Halftime Celebration Of Former Razorback 'Trailblazer' Darrell Brown Worth Watching

by Chris Bahn  on Friday, Oct. 7, 2011 6:09 pm  

This story is from the archives of ArkansasSports360.com.

Every week Arkansas seems to be honoring somebody for something. Former players are brought in as honorary team captains, boosters are applauded by the school for giving money to the latest building project.

It’s surely nice for the person being honored. Rarely, though, do others take notice to the in-game presentations over the course of the game. Those breaks in action are often viewed as a great time to check other scores, hit the bathroom, grab a hot dog or sneak a taste from a flask.

This week you’ll want to take notice. Pay attention when you hear the name Darrell Brown over the loudspeaker.

Brown was the first black student-athlete at Arkansas. Possibly the South. He walked on in 1965 and spent an unfathomably difficult year-plus trying to prove to players and Coach Frank Broyles that he belonged.

Arkansas will celebrate Brown for paving the way for “thousands of African-American student-athletes at the University of Arkansas.” What Brown did wasn’t viewed quite in those terms as he was walked on in 1965.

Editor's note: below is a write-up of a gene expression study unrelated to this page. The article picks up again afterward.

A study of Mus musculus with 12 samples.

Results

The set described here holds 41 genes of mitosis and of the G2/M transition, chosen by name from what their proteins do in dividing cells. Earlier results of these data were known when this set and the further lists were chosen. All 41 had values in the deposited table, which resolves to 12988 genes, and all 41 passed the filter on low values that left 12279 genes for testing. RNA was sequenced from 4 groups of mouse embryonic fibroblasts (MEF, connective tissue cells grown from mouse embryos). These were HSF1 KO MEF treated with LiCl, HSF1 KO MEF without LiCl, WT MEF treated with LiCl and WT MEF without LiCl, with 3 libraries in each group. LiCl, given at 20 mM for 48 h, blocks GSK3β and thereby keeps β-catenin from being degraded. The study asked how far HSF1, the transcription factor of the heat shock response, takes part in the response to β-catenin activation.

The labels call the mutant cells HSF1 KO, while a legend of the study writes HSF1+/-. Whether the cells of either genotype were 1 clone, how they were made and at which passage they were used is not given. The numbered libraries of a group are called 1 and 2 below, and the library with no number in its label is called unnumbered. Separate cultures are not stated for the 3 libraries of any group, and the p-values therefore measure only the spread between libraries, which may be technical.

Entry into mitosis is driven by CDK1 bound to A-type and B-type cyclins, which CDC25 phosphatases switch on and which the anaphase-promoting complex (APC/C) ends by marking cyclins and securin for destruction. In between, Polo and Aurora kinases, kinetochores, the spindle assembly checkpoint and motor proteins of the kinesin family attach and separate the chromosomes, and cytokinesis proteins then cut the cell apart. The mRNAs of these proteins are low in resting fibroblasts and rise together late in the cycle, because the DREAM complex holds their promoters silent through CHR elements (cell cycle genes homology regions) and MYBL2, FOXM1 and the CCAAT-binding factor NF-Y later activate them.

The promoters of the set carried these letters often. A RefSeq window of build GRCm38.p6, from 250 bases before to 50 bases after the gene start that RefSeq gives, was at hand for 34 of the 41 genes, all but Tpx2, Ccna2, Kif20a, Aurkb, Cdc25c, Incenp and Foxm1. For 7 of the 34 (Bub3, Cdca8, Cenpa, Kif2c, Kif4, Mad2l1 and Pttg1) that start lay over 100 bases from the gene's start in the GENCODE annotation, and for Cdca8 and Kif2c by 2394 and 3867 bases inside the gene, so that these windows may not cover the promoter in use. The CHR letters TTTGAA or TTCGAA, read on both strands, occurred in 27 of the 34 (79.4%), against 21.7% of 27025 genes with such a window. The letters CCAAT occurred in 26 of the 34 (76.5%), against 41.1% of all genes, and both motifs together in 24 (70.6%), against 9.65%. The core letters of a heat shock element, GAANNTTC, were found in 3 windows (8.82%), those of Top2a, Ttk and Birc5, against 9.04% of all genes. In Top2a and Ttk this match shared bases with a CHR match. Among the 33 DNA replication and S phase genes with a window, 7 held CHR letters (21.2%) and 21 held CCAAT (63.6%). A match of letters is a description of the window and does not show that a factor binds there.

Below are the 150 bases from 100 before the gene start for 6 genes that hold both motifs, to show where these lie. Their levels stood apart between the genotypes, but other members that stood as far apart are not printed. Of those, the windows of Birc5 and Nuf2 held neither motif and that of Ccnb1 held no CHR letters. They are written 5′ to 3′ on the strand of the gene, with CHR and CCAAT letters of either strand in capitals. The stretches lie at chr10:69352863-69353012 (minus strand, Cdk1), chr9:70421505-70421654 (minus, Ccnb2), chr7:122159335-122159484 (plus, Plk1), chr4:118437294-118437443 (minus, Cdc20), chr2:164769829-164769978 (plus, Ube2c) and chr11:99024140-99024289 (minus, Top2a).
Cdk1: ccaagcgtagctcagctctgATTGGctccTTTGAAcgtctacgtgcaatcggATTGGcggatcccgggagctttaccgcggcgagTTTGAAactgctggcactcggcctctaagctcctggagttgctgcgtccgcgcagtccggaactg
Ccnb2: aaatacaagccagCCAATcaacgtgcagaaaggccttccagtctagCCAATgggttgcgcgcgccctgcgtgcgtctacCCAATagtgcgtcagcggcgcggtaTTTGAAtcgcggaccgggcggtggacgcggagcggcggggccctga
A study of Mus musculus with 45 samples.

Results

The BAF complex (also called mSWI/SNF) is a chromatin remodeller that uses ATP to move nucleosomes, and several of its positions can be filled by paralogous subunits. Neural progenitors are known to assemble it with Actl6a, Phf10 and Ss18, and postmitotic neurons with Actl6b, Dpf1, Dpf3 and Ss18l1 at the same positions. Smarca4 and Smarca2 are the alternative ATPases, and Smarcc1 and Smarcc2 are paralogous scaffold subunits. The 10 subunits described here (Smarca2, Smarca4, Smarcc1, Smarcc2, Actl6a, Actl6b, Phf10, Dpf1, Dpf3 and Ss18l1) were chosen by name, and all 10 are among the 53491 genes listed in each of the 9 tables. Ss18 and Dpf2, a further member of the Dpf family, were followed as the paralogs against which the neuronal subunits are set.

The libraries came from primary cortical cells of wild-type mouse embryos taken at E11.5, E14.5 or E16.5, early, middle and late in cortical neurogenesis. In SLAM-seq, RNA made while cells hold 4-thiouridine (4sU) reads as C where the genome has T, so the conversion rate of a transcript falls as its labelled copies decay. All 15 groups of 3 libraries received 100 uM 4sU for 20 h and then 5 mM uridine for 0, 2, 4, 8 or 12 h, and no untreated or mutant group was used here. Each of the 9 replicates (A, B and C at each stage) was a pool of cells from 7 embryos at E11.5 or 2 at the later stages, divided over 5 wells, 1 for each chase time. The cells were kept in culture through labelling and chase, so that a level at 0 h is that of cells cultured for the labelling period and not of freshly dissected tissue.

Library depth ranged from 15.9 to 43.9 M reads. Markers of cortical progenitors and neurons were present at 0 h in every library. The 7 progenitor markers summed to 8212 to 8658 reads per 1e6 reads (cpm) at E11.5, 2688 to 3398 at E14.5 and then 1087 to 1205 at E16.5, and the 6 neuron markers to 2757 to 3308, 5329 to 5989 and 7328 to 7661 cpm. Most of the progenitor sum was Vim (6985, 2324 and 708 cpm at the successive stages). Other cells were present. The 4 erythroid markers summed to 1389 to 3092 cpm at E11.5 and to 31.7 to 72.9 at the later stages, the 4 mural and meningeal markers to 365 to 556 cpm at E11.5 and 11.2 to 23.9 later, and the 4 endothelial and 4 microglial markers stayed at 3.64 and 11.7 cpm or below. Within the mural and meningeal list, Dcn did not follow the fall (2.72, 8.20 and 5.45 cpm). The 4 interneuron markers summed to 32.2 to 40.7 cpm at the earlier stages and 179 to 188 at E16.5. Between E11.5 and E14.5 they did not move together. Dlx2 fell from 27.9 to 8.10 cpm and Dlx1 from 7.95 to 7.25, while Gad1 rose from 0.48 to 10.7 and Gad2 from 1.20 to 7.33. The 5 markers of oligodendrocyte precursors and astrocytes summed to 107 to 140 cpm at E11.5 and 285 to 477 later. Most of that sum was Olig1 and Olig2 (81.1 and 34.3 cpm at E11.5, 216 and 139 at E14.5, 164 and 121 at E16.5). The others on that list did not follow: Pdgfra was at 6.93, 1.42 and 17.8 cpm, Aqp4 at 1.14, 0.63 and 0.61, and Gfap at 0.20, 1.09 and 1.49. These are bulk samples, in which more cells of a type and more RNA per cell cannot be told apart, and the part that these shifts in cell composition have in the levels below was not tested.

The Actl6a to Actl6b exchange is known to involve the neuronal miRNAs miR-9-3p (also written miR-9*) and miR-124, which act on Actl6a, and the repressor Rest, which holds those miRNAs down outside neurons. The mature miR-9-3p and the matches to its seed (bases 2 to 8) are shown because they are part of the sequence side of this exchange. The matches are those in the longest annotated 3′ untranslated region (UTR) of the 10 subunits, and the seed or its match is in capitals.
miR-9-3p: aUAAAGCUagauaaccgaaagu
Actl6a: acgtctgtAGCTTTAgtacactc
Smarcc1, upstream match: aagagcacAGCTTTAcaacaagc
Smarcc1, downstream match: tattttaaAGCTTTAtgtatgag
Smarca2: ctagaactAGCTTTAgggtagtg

National columnist Dan Wetzel chronicles the hardships that Brown faced in an amazing piece posted today on Yahoo! Sports. Wetzel, arguably the best in the business, details the year Brown spent on the team and his life in the decades that followed.

Brown, who graduated from the UA law school in 1972 and went on to a successful law career in Arkansas, will be honored as part of the Razorback Athletics’ Trailblazer Series. His daughter Dee Dee Brown-Campbell was an All-American track athlete at Arkansas and worked in the athletic department for a time.

It's an amazing success story considering the hardships Brown faced while trying to walk-on. Here’s a passage from Wetzel’s outstanding story, which begins with details of Brown’s first day at practice:

[Brown] failed to recognize this was a full-contact “drill,” one that called for 11 players on the kick team and just one on the return: him, the black guy.

Until he fielded the kick and began to run up field, Brown failed to realize no blockers stood in front of him, he hadn’t a prayer in the world.

This was kill-the-man-with-the-ball, 11-on-1 violence assured.

“They were good at gang tackling,” he said. “Especially me.”